5 Allusions to Psalm 22 at Christ’s Crucifixion


  1. Psalm 22:18“they divide my garments among them, and for my clothing they cast lots.”  The psalmist says this to portray how close he is to death. His enemies are anticipating his death so much that they have already divided his clothes among themselves. All four gospels describe this event with John taking it further by describing it as a fulfillment of Scripture (Jn 19:23–24; Mt 27:35; Mk 15:24; Lk 23:34).
  2. Psalm 22:7—“they wag their heads.” The psalmist’s description of people’s reaction to him indicates their scorn and derision. Both Matthew and Mark allude to this: “And those who passed by derided him, wagging their heads” (Mt 27:39; Mk 15:29). Just like the psalmist, Jesus experienced rejection and ridicule by people. How difficult it must have been for the Son of God to endure such contempt for those he was sacrificing himself to save!
  3. Psalm 22:8—He trusts in the LORD; let him deliver him . . .  for He delights in him.” In Psalm 22 the psalmist wrestled with God’s silence. Despite his cries, God did not answer or deliver him (Ps 22:1–5). Because of God’s apparent absence, this taunt would have especially stung. Only Matthew includes a reference to this verse as he describes the crowd mocking Jesus for His trust in God: “He trusts in God; let God deliver him now, if he desires him” (Mt 27:43). Jesus also prayed to be delivered from His suffering, while still submitting Himself to God’s will (Mt 26:39). To be mocked for His humble submission to God’s must have been particularly painful for Christ.
  4. Psalm 22:1—“my God, my God why have you forsaken me?” The opening line of Psalm 22 beautifully expresses the anguish of the psalmist. He is suffering greatly, but his chief concern is that God—the source of his trust and deliverance—appears to have abandoned him. Matthew and Mark both attribute these words to Jesus (Mt 27:46; Mk 15:34). Jesus’ physical sufferings pale in comparison to the trauma of being forsaken by God as he takes the weight of our sin upon himself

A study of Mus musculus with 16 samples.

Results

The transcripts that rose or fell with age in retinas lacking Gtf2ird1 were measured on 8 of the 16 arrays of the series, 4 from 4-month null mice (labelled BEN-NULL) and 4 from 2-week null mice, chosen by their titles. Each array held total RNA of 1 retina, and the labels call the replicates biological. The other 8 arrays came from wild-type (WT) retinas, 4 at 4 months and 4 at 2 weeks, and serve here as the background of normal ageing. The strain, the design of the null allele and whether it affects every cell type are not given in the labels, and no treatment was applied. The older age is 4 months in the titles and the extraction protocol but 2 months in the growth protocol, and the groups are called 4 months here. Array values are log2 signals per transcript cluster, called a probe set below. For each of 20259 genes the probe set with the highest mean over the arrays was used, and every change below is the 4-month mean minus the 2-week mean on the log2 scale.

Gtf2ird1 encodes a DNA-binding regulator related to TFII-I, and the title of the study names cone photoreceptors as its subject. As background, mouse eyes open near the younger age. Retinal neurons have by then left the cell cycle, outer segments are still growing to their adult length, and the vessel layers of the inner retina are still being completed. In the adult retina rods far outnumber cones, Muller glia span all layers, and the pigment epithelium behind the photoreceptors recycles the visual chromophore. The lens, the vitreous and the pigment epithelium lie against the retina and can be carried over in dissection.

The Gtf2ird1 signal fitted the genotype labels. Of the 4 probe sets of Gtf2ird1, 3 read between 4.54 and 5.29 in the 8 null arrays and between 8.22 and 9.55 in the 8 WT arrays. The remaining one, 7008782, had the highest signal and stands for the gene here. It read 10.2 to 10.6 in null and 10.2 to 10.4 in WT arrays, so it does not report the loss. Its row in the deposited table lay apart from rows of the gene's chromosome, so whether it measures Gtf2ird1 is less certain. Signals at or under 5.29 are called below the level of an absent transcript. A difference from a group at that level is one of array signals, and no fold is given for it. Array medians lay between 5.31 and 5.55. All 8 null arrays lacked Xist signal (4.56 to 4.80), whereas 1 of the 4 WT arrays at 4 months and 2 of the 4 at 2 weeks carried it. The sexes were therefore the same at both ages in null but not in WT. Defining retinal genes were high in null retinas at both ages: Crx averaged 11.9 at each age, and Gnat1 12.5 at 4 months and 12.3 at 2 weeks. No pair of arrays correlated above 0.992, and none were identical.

5. Psalm 22:31—he has done it.” Psalm 22 ends, not with suffering, but with praise as the psalmist worships God for delivering him (Ps 22:25–31). He enthusiastically proclaims God’s act of salvation and deliverance throughout the world and to all generations. The final line—which consists of one word in Hebrew—can be translated either “he has done it” or simply “it is done.” Jesus may be alluding to this when he says—with one word in Greek—“it is finished” (Jn 19:30). Christ’s dying words carry many implications: God’s plan of salvation has been completed; our sin is paid for; Christ’s work on earth is done. Perhaps it is also a shout of praise like the psalmist’s words in Psalm 22:31. It is finished. God’s ultimate deliverance has been carried out. Just as the psalmist proclaimed God’s deliverance of him, so should we proclaim Christ’s work of salvation on the cross to the ends of the earth and throughout all generations.

What crucifixion imagery impacts you the most in the gospel accounts? Leave us a comment and let us know, then take a look at our special Holy Week resources.

Comments

  1. T. Christian Nelson says:

    I believe the image that truly presents itself to the Church today is that of the temple curtain being torn in two, from top to bottom. With our Lord’s death, the barrier between man and God had been destroyed. No longer is any intermediary, other than Christ, necessary. Sadly, the “altar guild” at the time was quickly despatched with the task of sewing it together again.

    Wherever the sacrifice of Christ’s offered-up-death is not assented to as the only one acceptable to God for the remission of our sin, that curtain remains intact and so does that portal to God that Jesus’ death opened for all the world. It’s a haunting vision. We peer through the opening, seeing the glory, all the while struggling with our flesh which is pulling the needle and thread through, one more time. We still think our strength, our knowledge, our contribution, our service, our love, our devotion … will save us. Peter wept bitterly when his heart melted to that one, single prophetic truth: “You [with all your boasting] will deny me”! Lord, save us … from ourselves.

  2. Dave Tadlock says:

    My favorite verse of Ps 22 is verse 24 “For He has not despised nor abhorred the affliction of the afflicted; Nor has He hidden His face from him;But when he cried to Him for help, He heard.” It reminds me that in my times of distress, God’s presence, support and protection are not dependent on my emotions or opinions, but, on His love and committment. I am so greatful that when I was totally sinful and unacceptable to God, He not only looked upon me, he gave me grace enough to be able to turn to him, repenting and be justified, regenerated, and adopted.